With drug overdose deaths on the rise in 2017, the B.C. Government announced a new drug-checking service being tested in Vancouver.
The pilot project is the first of its kind in Canada and aims to provide potentially life-saving information to people who use drugs.
The Ministry of Mental Health and Addictions is also expanding the use of fentanyl test strips in all supervised consumption and overdose prevention sites in the province.
The B.C. Coroners Service released data Thursday reporting more than 1,100 people have died from drug overdoses in 2017, with fentanyl detected in 83 per cent of those deaths.
“With dangerous drugs like fentanyl contaminating the majority of street drugs, giving people information on what’s in the substances they are using can help them make informed decisions about whether or how much they consume – and could save lives,” Minister of Mental Health and Addictions Judy Darcy said.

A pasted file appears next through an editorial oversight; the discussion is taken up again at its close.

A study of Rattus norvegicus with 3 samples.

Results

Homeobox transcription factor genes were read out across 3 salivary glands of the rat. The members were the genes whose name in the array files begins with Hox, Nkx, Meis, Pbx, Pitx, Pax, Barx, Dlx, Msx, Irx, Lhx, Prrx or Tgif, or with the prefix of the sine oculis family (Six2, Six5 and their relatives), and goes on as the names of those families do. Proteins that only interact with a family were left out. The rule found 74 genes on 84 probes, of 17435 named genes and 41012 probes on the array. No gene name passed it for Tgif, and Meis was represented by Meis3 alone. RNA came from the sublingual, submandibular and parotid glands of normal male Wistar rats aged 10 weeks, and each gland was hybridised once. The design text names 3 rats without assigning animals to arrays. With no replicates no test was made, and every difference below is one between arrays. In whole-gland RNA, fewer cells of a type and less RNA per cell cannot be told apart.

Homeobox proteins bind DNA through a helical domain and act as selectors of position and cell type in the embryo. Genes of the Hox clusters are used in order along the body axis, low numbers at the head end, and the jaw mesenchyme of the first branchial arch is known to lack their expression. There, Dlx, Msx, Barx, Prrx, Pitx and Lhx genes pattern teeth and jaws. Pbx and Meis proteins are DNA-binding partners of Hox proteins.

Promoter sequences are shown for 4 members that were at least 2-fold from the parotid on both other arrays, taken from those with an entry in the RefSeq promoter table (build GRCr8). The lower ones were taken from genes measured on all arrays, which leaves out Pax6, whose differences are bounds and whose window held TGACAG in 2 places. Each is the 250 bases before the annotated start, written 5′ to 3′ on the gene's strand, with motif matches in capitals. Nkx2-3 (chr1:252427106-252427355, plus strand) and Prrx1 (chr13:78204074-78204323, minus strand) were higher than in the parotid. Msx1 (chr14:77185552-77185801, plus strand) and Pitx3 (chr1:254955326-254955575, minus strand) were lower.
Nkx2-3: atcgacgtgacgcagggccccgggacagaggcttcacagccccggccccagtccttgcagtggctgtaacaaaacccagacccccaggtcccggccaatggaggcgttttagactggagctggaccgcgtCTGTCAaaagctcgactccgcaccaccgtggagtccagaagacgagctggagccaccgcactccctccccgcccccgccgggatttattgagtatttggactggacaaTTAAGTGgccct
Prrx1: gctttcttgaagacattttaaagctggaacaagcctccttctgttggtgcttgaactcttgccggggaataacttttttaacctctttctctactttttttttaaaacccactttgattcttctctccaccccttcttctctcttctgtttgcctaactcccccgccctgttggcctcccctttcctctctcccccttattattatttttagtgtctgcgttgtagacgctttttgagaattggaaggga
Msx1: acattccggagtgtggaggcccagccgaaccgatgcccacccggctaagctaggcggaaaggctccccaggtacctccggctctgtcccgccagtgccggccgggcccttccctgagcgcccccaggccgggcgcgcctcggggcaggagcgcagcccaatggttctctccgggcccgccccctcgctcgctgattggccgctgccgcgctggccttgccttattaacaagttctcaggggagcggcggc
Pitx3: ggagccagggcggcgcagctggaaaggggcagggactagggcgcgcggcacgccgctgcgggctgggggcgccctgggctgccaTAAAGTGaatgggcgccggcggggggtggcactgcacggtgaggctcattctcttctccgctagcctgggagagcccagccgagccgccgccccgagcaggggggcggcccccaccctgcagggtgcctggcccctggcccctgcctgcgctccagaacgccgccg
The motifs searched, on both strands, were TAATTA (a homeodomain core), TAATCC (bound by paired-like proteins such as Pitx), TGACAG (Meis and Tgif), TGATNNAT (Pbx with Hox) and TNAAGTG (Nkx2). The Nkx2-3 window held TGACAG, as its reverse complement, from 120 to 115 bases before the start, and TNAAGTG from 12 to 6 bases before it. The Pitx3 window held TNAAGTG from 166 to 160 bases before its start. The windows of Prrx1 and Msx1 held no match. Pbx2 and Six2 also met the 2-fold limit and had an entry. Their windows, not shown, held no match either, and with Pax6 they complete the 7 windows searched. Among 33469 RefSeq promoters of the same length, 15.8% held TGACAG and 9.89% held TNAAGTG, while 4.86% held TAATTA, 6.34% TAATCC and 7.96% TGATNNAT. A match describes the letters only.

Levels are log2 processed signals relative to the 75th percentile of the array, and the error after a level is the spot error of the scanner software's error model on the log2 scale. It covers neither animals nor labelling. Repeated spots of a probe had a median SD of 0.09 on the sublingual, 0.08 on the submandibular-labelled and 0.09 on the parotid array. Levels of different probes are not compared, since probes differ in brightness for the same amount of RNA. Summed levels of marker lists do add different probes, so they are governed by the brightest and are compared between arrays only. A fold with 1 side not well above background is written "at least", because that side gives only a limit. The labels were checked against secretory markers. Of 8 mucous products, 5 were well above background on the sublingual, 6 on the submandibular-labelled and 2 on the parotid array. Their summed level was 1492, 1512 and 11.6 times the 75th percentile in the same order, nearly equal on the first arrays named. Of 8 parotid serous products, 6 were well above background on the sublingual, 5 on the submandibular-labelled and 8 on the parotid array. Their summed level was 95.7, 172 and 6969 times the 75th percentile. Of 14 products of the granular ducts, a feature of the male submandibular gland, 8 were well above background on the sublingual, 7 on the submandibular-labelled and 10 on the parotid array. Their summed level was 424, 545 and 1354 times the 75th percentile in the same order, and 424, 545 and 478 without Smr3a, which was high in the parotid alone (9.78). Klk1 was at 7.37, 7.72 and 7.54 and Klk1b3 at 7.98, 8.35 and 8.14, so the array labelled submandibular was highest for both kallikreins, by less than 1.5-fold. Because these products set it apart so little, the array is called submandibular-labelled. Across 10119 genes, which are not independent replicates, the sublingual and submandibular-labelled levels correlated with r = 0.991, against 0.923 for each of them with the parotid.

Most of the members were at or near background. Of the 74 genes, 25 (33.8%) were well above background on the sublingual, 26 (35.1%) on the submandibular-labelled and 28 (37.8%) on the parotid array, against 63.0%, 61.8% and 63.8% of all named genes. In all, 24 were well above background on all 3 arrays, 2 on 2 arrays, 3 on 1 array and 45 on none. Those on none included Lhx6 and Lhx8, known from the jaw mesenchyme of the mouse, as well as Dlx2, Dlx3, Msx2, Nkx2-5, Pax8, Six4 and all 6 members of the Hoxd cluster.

The City of Vancouver partnered with the B.C. Centre on Substance Use to fund the purchase and operation of a specialized drug-checking machine for a pilot project to evaluate the effectiveness of drug-checking services.
Drug checking allows people to anonymously submit samples of street drugs to be analyzed for their chemical makeup.
The province is spending $3 million for drug testing in the province, part of $322 million over three years to combat the overdose crisis and improve addictions care.
The test strips pilot will be rolled out to the remaining sites throughout the province in the coming weeks.